From Santander to Catalonia… Via Hollywood

By Andrew J Linn

 

There is an excellent wine made with Cabernet Sauvignon grapes from Catalonia’s Penedés region called Jean Leon. However, it is not made by some French visionary who may have taken his wine-producing experience to Catalonia to produce Bordeaux-style wines in Spain.

Jean Leon’s real name was Ceferino Carrión, and he was born in Santander in 1928. As the result of a huge fire that destroyed the town centre in 1941 his family moved to Barcelona, where a few months later Ceferino’s father and brother died at sea when the fishing boat they were working on was torpedoed by an unidentified submarine.

Ceferino decided to leave Spain and crossed illegally into France via the Pyrenees, but in a post-world-war-Paris there was no work for immigrants. He made his way to Le Havre and stowed away on a boat to New York. Within a day of arriving he was washing dishes in a club in the Rockefeller Centre for $4 a day.

Jean Leon – which was the name he had taken – would later enlist in the US army during the Korean War, and on demob settle in Hollywood. His first job in the town was waiting at Villa Capri, a society restaurant owned by Frank Sinatra and Joe di Maggio. There he became friends with actors and actresses such as Natalie Wood, Grace Kelly, Lana Turner, Judy Garland and James Dean. It was James Dean who proposed to Jean they become partners in establishing Hollywood’s most luxurious restaurant, but Dean was killed in a car crash the day before he was due to sign the agreement. Undeterred Jean borrowed $3,500 from a friend and opened La Scala.

Marilyn Monroe always dined early and insisted on having table 14; Paul Newman would arrive about 7.30 pm, followed by the likes of Humphrey Bogart, Warren Beatty (who always ate in the kitchen if he was on his own), Zsa Zsa Gabor, Fred Astaire, Elizabeth Taylor, Marlon Brando, Garry Cooper, David Jansen and Robert Wagner. On the night of 4 August 1962 Marilyn Monroe called Jean at the restaurant to say that she did not feel well enough to go out, and would he send some food round to her apartment. Jean took it himself, but when he arrived he realised she was not alone. He left the tray at the door and headed home. The next day Marilyn was found dead.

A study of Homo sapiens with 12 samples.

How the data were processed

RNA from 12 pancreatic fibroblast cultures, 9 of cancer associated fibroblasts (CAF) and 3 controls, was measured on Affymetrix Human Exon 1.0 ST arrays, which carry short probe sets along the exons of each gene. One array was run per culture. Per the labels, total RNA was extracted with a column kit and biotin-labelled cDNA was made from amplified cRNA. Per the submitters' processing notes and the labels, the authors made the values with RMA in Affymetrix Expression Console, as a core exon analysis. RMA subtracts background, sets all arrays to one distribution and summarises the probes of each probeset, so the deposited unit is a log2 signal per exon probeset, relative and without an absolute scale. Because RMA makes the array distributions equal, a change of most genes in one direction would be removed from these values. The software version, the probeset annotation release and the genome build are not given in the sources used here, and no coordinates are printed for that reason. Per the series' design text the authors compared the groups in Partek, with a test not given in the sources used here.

Jean Leon knew five US presidents, and was with Nixon the night he lost the election. With Kennedy he would chat about Spain, although he would always say that Ford was the most affable of all the presidents he knew. The intrepid ex-waiter returned to Spain in 1962 to realise his lifelong ambition of making wine.

He found a vineyard in Catalonia’s Penedés region and paid a small fortune for cuttings of Cabernet Sauvignon, Merlot and Chardonnay vines from Chateau Lafitte-Rothschild and Corton Charlemagne. When he planted the new varieties, which were unknown in Spain, the local bodega owners thought he was mad, but in 1964 he hired oenologist Jaume Rovira, with a simple instruction: make the best wine that can be produced in Spain.

Jean Leon is no longer with us, but under the ever-careful tutelage of the Torres family, which is now responsible for the brand, the production process initiated 50 years ago has changed little.  Pesticides and herbicides are never employed, and the grapes are harvested bunch by bunch when they are ready, rather than all at once. The pressing of the grapes is slow and delicate and only the first pressing is used.

Unquestionably the flagship of the bodega is the Jean Leon Cabernet Sauvignon Reserva, which always has two years in oak and two to three years in the bottle. In exceptional years a Gran Reserva is made, and this was the wine served at Ronald Reagan’s investiture in 1980. In 1993 Wine Magazine voted the 1983 vintage among the world’s best eight wines, and many other awards have been scored over the years.

If you like claret, you have been doing yourself an injustice by not trying Jean Leon’s Cabernet Sauvignon Reserva. And if you thought the best Spanish red wines only come from Rioja and Ribera del Duero, you are in for a pleasant surprise. Prices for the middle-of-the-range are around €20. There is a Reserva and Gran Reserva, a Merlot, Chardonnay and Xarel.lo, and the 3055 range (Leon’s New York cab licence number) offers a Merlot-Petit Verdot, Chardonnay and Rosado.